Block on Trump's Asylum Ban Upheld by Supreme Court
For weeks, we've talked about the viability of the Affordable Care Act's individual mandate. As the most personal element of the ACA appeal, everyone seemed to have an opinion about whether the government should be allowed the require people to purchase health insurance. But today, the Supreme Court reminded us that the ACA Medicaid provisions could also doom the healthcare legislation.
For the final day of the ACA appeal, the Supreme Court examined whether the ACA was subject to severability, and the constitutionality of the ACA Medicaid expansion programs. While severability was supposed to be the star of the day, NPR argues that the Medicaid decision could have broader implications. If the Court rules that the feds can't force the states to participate in the ACA, what other programs might be derailed?
First, let's consider the severability arguments. It seems like that justices don't want to strike down the entire health care law over one or two provisions. They also don't want to address 2,700 pages of legislation line by line. (Justice Kennedy, always the swing vote, suggests that severability would make the Court de facto legislators).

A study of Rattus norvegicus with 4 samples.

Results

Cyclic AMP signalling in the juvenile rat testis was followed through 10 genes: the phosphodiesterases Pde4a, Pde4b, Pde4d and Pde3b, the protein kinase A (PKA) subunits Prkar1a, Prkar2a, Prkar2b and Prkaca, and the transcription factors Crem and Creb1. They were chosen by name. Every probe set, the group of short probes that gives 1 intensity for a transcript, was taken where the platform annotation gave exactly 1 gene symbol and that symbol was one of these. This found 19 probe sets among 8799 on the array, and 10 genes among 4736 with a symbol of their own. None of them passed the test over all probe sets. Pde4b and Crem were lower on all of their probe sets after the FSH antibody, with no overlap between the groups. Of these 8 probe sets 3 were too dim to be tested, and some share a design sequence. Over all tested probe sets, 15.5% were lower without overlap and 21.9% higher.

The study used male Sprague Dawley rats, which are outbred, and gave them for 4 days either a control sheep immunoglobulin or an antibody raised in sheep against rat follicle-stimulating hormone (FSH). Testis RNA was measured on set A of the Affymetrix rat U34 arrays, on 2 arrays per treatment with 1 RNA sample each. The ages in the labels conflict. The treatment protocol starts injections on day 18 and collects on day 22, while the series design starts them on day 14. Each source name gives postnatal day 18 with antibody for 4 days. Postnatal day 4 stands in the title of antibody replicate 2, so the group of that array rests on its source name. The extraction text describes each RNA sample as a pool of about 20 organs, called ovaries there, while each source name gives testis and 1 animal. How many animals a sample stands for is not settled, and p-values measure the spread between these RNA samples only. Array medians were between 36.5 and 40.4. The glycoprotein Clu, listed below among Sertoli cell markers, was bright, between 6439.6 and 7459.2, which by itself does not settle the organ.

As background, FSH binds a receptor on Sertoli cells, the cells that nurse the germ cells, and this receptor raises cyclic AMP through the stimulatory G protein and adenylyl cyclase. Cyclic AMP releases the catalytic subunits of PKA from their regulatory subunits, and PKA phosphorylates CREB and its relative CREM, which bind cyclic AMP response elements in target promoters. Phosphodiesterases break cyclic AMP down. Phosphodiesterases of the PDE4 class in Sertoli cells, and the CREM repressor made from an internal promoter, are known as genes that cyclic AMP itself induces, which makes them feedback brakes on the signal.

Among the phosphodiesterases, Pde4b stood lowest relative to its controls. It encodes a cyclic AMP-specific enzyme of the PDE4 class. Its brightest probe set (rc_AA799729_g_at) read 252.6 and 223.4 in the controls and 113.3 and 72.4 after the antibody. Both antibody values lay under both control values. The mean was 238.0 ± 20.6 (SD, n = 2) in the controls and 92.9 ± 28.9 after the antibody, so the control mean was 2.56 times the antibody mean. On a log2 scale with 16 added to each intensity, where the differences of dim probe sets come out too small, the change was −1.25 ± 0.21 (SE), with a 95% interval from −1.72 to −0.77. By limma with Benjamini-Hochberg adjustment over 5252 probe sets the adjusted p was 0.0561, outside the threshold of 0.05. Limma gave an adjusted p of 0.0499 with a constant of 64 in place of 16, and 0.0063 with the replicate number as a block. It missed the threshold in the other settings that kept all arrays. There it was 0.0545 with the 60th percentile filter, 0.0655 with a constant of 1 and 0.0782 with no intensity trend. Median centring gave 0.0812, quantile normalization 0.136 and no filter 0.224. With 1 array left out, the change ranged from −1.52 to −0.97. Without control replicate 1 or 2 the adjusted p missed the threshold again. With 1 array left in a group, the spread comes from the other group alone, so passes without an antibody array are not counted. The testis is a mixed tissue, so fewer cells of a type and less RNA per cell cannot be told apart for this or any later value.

There's no clear winner in the severability arguments. SCOTUSblog concludes that resistance to severability may have ultimately "shored up support" for the individual mandate, while Jennifer Rubin at The Washington Post thought that the ACA suffered "a severability trainwreck."
As for the Act's Medicaid provision, Chief Justice John Roberts expressed concern that the ACA amounted to federal coercion of the state. (Though state participation in Medicaid is voluntary, all states participate in the program.) Justice Elena Kagan, by contrast, was incredulous that states could characterize Medicaid funding -- 90 percent of which comes from the federal government -- as coercion. While anti-coercion justices seemed to be in the minority today, we're guessing that they will emerge as the victors in the Medicaid debate.
Now that oral arguments are over, who made the better case? Was it Paul Clement and the ACA challengers, or Donald Verrilli and the government? Winners will be selected this summer, but you can get your healthcare debate fix until then at FantasySCOTUS.